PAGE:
In Chicago, OARDC scientist Nick Basta and colleagues are helping restore “an 87-acre wasteland of glassy slag” using topsoil made from biosolids. Basta is a professor in the School of Environment and Natural Resources.
Biosolids are treated sewage sludge. Once treated, they’re safe to use, free of pathogens and full of nutrients that help plants grow. In this case, the sewage came from Chicago’s sanitary sewer system.
In test plots at the site, a biosolids-based soil blend made by Basta and team worked better than a wood-chip-based compost at supporting plants and beneficial soil organisms.
The slag is waste from steel mills that used to be on the site.
“You have to bring in the soil [to restore the site],” Basta said in a Dec. 16 story in TerraDaily. “Why not connect the dots and bring in what’s available locally?”
“You have to bring in the soil [to restore the site]. Why not connect the dots and bring in what’s available locally?”—Nick Basta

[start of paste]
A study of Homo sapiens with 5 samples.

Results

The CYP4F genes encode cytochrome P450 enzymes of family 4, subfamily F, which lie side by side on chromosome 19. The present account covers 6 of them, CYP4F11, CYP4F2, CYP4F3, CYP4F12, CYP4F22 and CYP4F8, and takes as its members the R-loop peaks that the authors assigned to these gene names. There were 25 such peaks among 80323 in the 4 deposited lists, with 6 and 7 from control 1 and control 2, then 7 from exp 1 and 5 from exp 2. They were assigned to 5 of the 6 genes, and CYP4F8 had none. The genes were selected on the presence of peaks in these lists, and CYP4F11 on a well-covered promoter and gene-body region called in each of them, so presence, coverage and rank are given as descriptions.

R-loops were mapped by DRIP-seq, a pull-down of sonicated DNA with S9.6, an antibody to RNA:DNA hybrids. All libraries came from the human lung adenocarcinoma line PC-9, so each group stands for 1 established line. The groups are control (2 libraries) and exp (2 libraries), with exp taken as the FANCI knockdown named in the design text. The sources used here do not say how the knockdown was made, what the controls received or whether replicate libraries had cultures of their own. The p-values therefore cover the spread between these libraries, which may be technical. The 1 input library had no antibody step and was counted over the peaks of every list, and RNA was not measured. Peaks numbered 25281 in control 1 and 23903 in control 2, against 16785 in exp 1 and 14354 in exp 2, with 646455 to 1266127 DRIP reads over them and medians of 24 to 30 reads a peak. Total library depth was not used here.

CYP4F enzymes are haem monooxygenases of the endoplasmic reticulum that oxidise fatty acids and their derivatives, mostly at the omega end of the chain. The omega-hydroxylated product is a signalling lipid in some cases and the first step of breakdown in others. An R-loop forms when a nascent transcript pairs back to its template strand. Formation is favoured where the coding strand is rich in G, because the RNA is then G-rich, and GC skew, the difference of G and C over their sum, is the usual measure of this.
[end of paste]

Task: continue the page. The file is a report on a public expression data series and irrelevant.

New place for plants — and for migrant birds, too?
- The steel mill site, located on Chicago’s southeast side, is called the Lake Calumet Cluster site.
- In 2010, the U.S. Environmental Protection Agency added the site to the Superfund National Priorities List.
- Superfund is the federal program that investigates and cleans up the worst hazardous waste sites in the U.S.
- The restored Lake Calumet site will hopefully become a rest stop for birds migrating along the nearby shoreline of Lake Michigan, the TerraDaily story said.
- To contact the scientist: Nick Basta at email@example.com.